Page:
Introductory Seminars for First-Year Students

Dramatic Tensions: Theater and the Marketplace

TAPS 11N
This seminar explores the current state of the American theater and its artists. Much conventional wisdom tells us that theater is a dying art, and something of a lost cause, especially in an age of multimedia entertainment. But the roots of the drama are very old and very deep, and there are more young playwrights, actors, and directors entering the field today than at any other time in American history.
 
We'll get to know the work of today's theater artists, with an emphasis on an emerging generation of playwrights that is still finding plenty to say from the classic platform of the living stage. Students will read a cross-section of plays from writers currently working in the United States and the United Kingdom, covering a broad spectrum of subjects and styles from serious to comic, from the musical to the straight play. We'll look at the hits and misses from recent seasons of the New York and London stages and examine some of the differences of artistic taste across the Atlantic.
 
In the second part of the course we will explore, hands-on, the arts and skills necessary to make a play succeed. Students will get the chance to develop their own areas of interest, in guided projects in design, direction, or performance. Class visits will be arranged to allow for conversations with playwrights, designers, and directors. Labs and master-classes will allow students to solve problems posed in areas of creative production. And finally, we'll meet some of the literary managers and producers who are on the frontlines of underwriting new talent.
 
Students completing this seminar should come away with an informed appreciation of the state of the arts in America today, and some excitement about the possibilities that lie both within the field and in themselves. Class trips will include two plays at major Bay Area stages.

Meet the Instructor(s)

Amy Freed

Amy Freed

"I have been involved in theater for most of my life. Theater is my greatest pleasure and passion. No two projects are the same, so you are always growing. Although I am a playwright, I trained as an actor. Along the way, I started directing and also began to teach. Like theater, teaching is live, unexpected, and full of shared human experience. It provides the opportunity to pass down what you've been given, and that's what I hope to do with this seminar.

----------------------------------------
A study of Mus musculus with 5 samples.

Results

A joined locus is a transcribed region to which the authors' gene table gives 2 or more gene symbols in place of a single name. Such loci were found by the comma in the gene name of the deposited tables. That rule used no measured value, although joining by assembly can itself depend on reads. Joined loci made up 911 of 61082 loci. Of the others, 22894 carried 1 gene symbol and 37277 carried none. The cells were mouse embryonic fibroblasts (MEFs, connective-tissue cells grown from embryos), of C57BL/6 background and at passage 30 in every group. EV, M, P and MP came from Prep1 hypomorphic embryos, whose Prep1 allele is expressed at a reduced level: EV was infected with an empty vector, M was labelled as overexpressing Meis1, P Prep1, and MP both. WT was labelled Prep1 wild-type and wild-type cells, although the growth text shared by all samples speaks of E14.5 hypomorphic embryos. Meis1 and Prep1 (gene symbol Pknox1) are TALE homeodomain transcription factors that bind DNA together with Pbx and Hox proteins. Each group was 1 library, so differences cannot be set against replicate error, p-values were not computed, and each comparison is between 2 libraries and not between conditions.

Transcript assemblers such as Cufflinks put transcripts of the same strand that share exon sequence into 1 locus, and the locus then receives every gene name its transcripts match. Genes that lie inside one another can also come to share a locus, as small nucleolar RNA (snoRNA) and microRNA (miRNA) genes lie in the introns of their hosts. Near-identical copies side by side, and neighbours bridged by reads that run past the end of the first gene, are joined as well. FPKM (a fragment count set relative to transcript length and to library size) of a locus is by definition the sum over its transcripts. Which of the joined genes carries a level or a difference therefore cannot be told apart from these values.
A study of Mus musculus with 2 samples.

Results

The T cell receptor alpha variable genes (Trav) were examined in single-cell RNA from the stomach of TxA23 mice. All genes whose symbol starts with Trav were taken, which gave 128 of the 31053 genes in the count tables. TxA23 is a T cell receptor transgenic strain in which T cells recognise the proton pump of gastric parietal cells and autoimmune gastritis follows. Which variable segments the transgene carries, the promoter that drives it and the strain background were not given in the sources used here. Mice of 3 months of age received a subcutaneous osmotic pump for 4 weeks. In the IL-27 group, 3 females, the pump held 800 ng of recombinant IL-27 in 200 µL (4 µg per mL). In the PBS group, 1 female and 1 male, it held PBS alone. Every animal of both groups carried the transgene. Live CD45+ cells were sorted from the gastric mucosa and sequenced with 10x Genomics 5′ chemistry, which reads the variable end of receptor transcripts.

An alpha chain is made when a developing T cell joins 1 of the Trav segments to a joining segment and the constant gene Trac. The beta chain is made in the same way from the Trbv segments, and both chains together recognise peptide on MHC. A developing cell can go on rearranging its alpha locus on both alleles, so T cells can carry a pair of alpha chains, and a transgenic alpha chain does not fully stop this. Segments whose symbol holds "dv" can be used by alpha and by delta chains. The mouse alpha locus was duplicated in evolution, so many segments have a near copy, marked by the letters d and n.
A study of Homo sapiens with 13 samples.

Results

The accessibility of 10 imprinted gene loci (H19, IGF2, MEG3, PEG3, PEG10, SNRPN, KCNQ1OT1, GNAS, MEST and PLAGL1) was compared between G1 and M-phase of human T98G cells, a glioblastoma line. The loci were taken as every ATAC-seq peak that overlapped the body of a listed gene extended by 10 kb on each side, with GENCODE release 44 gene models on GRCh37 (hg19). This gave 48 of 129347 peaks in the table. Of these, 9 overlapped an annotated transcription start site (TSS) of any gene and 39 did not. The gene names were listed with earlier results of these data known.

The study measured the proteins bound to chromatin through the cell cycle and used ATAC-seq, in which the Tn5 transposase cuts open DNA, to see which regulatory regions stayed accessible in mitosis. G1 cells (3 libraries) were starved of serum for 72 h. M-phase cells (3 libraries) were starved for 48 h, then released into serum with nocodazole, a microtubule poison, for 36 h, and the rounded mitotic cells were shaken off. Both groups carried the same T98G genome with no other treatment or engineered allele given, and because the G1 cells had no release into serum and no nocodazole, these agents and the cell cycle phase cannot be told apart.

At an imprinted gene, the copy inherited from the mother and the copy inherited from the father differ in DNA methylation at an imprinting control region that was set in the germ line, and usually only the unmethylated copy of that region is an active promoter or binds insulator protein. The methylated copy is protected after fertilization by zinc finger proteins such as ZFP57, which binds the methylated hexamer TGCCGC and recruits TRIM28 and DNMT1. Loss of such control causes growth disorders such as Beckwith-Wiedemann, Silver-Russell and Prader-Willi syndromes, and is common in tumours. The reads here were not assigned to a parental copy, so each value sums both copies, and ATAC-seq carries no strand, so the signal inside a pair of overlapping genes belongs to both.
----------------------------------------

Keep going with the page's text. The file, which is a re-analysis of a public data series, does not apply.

Some of my produced works are The Monster BuilderYou, Nero, The Beard of AvonFreedomlandThe Psychic Life of Savages; and Restoration Comedy. I've had plays produced off Broadway and at most of the major regional theaters in the United States. One high point in my career was becoming a Pulitzer finalist for my second play, Freedomland. There have been plenty of low points, too, because life in the theater is an up-and-down experience. I am an artist-in-residence in the TAPS department, where I teach acting and playwriting and occasionally direct. I have had a long-term relationship with a regional theater, South Coast Rep, which will be producing my play, The Monster Builder, in the 2016-2017 season. And at present I am working on new commissions for South Coast Rep and for Oregon Shakespeare Festival. I am married to the San Francisco Chronicle's film critic, which provides me with a more analytic view of contemporary arts."